It is estimated that around 50% of marriages now end in divorce. The percentage is higher for second marriages. Many couples now consider entering into Pre-Nuptial Agreements. These are particularly popular when parties have been married before and want to ensure that pre-acquired assets are preserved for the benefit of their children and grandchildren.
The law relating to pre-nuptial agreements has developed following the Supreme Court decision in Radmacher v Granatino in October 2010. The key points of the current law are as follows:
- When considering the role of a pre-nuptial agreement in a financial claim on divorce, the starting point is the relevant legislation, which is the Matrimonial Causes Act 1973. Section 25 of that Act obliges a judge to consider all the relevant circumstances of the case when deciding how to divide the parties’ finances on a divorce.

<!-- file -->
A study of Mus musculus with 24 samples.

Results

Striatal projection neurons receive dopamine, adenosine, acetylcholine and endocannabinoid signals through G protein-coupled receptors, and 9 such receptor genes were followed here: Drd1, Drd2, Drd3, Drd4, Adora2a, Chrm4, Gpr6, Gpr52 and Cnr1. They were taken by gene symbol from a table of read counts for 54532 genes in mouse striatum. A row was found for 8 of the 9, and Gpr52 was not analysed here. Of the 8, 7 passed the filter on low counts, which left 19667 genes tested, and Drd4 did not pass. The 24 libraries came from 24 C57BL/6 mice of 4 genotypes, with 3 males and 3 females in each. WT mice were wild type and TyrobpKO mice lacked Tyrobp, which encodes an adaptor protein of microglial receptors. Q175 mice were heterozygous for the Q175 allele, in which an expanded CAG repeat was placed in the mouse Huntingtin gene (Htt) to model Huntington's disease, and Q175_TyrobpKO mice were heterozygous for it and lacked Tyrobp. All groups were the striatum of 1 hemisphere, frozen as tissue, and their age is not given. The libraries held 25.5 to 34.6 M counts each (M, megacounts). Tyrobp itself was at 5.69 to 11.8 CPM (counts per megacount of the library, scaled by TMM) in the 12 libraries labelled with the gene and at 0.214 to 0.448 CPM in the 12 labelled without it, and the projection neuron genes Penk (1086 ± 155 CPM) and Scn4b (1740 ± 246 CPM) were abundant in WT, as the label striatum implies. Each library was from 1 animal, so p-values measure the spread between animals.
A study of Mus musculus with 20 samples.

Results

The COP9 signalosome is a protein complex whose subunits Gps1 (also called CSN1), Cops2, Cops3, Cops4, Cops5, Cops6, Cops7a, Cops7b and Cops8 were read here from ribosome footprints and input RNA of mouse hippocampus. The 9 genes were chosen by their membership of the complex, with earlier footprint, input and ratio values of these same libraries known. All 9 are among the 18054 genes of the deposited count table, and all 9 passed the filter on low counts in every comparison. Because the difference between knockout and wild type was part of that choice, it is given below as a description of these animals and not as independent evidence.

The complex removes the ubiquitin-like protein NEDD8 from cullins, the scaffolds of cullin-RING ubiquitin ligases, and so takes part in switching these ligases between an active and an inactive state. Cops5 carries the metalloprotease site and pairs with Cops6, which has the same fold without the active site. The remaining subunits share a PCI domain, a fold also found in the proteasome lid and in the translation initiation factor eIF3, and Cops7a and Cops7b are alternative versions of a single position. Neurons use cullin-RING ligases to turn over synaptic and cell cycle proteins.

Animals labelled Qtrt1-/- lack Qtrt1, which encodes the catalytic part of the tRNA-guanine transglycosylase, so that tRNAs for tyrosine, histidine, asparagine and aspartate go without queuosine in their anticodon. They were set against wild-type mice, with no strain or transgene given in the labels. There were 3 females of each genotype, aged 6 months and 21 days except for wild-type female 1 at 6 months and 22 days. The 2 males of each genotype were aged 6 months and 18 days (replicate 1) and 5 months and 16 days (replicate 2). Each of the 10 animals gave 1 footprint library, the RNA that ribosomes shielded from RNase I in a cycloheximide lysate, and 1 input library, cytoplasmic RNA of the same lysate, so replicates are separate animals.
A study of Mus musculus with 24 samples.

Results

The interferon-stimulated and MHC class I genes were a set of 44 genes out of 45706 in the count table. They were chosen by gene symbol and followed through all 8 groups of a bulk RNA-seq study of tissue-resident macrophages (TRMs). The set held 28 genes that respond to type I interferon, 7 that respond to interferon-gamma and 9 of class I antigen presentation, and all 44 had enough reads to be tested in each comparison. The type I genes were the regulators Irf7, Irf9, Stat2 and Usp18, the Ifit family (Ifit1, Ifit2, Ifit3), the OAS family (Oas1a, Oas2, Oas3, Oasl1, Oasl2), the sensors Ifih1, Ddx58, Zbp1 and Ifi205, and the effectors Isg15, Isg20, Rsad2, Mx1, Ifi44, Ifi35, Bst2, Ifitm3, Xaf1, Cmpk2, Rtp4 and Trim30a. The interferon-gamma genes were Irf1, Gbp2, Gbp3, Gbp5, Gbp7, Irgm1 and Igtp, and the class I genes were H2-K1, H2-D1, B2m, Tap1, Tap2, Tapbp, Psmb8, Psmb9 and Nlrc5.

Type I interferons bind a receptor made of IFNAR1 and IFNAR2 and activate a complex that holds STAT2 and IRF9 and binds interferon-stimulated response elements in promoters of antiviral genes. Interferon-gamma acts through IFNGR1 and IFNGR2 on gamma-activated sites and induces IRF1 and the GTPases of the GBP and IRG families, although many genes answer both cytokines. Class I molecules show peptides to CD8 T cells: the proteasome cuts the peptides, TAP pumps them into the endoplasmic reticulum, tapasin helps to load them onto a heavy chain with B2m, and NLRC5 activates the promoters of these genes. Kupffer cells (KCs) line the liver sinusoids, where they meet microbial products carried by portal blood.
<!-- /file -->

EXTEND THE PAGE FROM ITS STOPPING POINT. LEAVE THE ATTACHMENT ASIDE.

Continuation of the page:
- No agreement between the parties can override the legislation or prevent the judge from deciding on the appropriate division of assets on a divorce. This means a pre-nuptial agreement cannot stop a spouse applying to the court for financial provision from the other spouse. Any “waiver” of the right to apply to the court for financial provision in an agreement will not be effective.
- The significance of a pre-nuptial agreement is as a relevant circumstance of the case, to be weighed by the judge. A pre-nuptial agreement will have a substantial impact on the judge’s decision in many cases.
It is fair to say that, as the law currently stands, pre-nuptial agreements are almost as good as binding, provided they are fundamentally fair.
Please contact us if you wish to discuss the possibility of making a pre-nuptial agreement.